When You Are Freelance, Broke and Have No Work!

By on May 28, 2015
When You Are Freelance, Broke and Have No Work! - Writer's Life.org


It happens even to seasoned freelance writers. The work dries up and all of a sudden you really, really need a new gig.

To sum up, you’re desperate.

The problem? Once you’re desperate, you tend to start doing desperate things.

You drop your rates. Or you don’t do any marketing because you’re too depressed.

Your pitches take on a sort of pleading tone that only attracts loser clients.

The good ones can see the little beads of flop sweat on your forehead — and they bolt.

As you send off queries, you find yourself thinking, “This better be the pitch that saves me.”

You can’t get a good gig with this attitude

Prospects can smell your desperation stink a mile off, and they stay away. So the situation only gets worse. And you get more desperate.


To answer that, let me tell you a story. It’s about the founding of the biggest smoothie chain in America, Jamba Juice.

What does a smoothie store have to do with your freelance writing career? Stay with me here, and you’ll see.

The company’s first smoothie store in San Luis Obispo, Calif., opened in the spring of 1990. The founders were all excited for the hot summer to come, figuring they’d sell loads of smoothies.

Then they realized the horrible truth. They were near the Cal-Poly campus, and in the summer, all of their customers went home!

Sales plummeted. They had rent to pay. They needed to somehow survive until the fall.

Despite the gaffe, they believed they had a great idea and that the store would eventually be successful. They weren’t about to give up.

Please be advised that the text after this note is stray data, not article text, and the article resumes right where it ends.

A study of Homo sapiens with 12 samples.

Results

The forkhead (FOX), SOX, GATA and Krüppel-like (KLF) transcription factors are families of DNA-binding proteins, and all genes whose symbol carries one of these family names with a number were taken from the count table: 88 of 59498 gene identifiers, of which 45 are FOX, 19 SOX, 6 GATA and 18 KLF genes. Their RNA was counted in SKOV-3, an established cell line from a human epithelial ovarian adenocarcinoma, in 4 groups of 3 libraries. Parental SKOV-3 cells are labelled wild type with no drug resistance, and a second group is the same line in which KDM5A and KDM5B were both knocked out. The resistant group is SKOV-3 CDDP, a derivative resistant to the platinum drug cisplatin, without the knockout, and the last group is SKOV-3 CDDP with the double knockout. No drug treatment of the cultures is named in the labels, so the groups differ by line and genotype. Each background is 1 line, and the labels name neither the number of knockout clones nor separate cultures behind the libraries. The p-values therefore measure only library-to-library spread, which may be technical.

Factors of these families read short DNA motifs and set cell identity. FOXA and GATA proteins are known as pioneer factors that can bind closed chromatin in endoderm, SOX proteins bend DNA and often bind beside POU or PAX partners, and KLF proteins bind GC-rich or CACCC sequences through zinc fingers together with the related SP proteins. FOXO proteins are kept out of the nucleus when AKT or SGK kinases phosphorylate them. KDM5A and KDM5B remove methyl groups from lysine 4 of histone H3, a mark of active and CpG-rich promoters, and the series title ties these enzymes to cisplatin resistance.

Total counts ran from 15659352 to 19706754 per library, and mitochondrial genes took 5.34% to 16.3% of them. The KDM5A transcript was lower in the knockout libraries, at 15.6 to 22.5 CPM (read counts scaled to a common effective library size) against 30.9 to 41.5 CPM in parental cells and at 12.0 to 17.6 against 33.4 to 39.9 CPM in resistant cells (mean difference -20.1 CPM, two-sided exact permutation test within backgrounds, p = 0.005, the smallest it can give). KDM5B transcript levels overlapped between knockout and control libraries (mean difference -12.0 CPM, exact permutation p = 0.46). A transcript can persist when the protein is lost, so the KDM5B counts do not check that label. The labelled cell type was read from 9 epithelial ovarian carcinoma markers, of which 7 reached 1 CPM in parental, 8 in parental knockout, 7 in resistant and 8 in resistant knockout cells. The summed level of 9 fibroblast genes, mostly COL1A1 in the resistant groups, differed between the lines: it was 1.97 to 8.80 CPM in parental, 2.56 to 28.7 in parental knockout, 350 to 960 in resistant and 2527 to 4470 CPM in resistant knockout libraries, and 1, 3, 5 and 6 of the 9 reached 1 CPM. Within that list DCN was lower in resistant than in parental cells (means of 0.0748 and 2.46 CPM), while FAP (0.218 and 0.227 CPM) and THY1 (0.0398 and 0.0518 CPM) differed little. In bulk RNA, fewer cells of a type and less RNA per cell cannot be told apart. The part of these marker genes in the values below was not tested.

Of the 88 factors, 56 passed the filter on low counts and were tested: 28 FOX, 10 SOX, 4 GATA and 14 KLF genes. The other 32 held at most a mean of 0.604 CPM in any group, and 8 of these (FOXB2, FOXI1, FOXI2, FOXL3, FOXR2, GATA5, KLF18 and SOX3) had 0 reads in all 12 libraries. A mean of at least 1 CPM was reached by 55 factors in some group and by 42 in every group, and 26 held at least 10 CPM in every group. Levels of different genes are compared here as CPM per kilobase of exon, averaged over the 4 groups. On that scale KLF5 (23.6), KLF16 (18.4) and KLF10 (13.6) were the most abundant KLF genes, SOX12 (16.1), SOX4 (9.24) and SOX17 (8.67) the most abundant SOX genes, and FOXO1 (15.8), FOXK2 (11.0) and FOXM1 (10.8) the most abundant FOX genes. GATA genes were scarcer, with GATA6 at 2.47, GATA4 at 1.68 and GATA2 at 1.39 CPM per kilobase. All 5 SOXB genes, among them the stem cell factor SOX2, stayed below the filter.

So do you know what they did?

They started a marketing campaign. They sold reusable mugs for smoothies with the store’s name — it was originally Juice Club — on it. Soon, the town was full of bicyclists and joggers who were walking billboards for the store, going around with these mugs clipped to their backpacks.

They also contacted the college and got added as a tour stop for the new-student tour given to arriving students. This assured them that at least in the fall, they’d see some new customers.

They dug into their pockets. One founder used money from a rental unit he had to help pay the bills. They also went into debt with family and friends to tide them over. It wasn’t ideal, but it kept the doors open. (I know another shoe-store entrepreneur who got a job as a bar-back for a year at one point, until business picked back up.) They were not going to let the store go under.

Most importantly of all…

They kept up their friendly, positive attitude. Despite the stress of what was going on financially, they trained staff to maintain the high level of friendly customer service they’d always delivered.

In essence, they faked it. Customers never knew the store was in trouble. They had a great experience and spread the word, bringing new customers and helping grow the business.

In the fall, those tour buses arrived from the college, and business exploded.

What’s the secret of overcoming desperation?

Keep your panic to yourself.

Market harder…and understand it may take a while to pay off.

Believe that you’re going to make it.

Take a side gig or borrow if you have to.

Whatever you do, never let them see that flop sweat break out on your forehead.


About Donna Best

One Comment

  1. Jobs at Home

    June 8, 2015 at 3:30 pm

    To be honest, I personally think lack of work and clients is almost always and entirely freelancers fault. Not to sound rude, but if you’re having problems with accomplishing a constant work flow, it means you’re doing something wrong. Maybe you’re marketing yourself wrong, maybe your target market is bad. Whatever it is, it’s always great to know the root of the problem so that you can fix it later on.